Customized graft repair saves aneurysm patients from open surgery

This CT scan shows the patient's ballooning aorta. When it gets large enough, the vessel is in danger of a life-threatening rupture.
Source: Johns Hopkins Hospital

A newly approved graft, which is customized for individual patients suffering from abdominal aortic aneurysm using CT models, can provide an alternative to open surgery for some patients.

On Jan. 11, Johns Hopkins Hospital in Baltimore became the first hospital in the mid-Atlantic to use the technique, according to a release from the hospital.

An abdominal aortic aneurysm can become life-threatening if it grows large enough to rupture, with less than a 10 percent chance of survival after rupture. Ideally, a synthetic graft attached via a minimally invasive endovascular procedure can prevent this from happening.

However, up to 30 percent of patients with identified aneurysms cannot undergo the endovascular repair because their aneurysm is located too close to the renal arteries. These patients must undergo a more invasive open surgery.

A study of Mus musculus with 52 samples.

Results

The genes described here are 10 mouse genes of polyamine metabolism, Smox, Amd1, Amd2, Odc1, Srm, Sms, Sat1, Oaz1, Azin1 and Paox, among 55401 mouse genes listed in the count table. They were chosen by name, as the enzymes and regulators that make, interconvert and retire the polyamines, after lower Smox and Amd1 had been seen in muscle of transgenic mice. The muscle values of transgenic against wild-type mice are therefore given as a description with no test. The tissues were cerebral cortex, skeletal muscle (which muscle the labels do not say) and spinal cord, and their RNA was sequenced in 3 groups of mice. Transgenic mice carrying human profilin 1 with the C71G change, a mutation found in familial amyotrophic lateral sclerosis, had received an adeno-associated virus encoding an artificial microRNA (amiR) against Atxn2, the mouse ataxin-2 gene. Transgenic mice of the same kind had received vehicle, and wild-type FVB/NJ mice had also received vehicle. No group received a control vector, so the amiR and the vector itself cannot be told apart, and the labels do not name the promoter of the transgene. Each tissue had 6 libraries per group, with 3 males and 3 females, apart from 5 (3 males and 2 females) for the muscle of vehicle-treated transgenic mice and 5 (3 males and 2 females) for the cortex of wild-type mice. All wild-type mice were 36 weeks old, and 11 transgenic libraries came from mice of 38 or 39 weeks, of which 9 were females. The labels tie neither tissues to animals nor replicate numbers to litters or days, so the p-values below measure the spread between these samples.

The new grafts—approved by the FDA in April 2012—have two tiny holes, called fenestrations, fabricated in them to accommodate the renal arteries. Planning for the procedure involves making a 3D image of the patient’s aorta using CT, and sculpting the graft to match the anatomy, according to Johns Hopkins Hospital.

Fabrication of the graft takes about five weeks, but recovery time for the patient post-surgery is reduced. With endovascular repairs, patients can return home after three days and resume normal activity in two weeks, compared with a four- to eight-week recovery following open surgery, according to the hospital.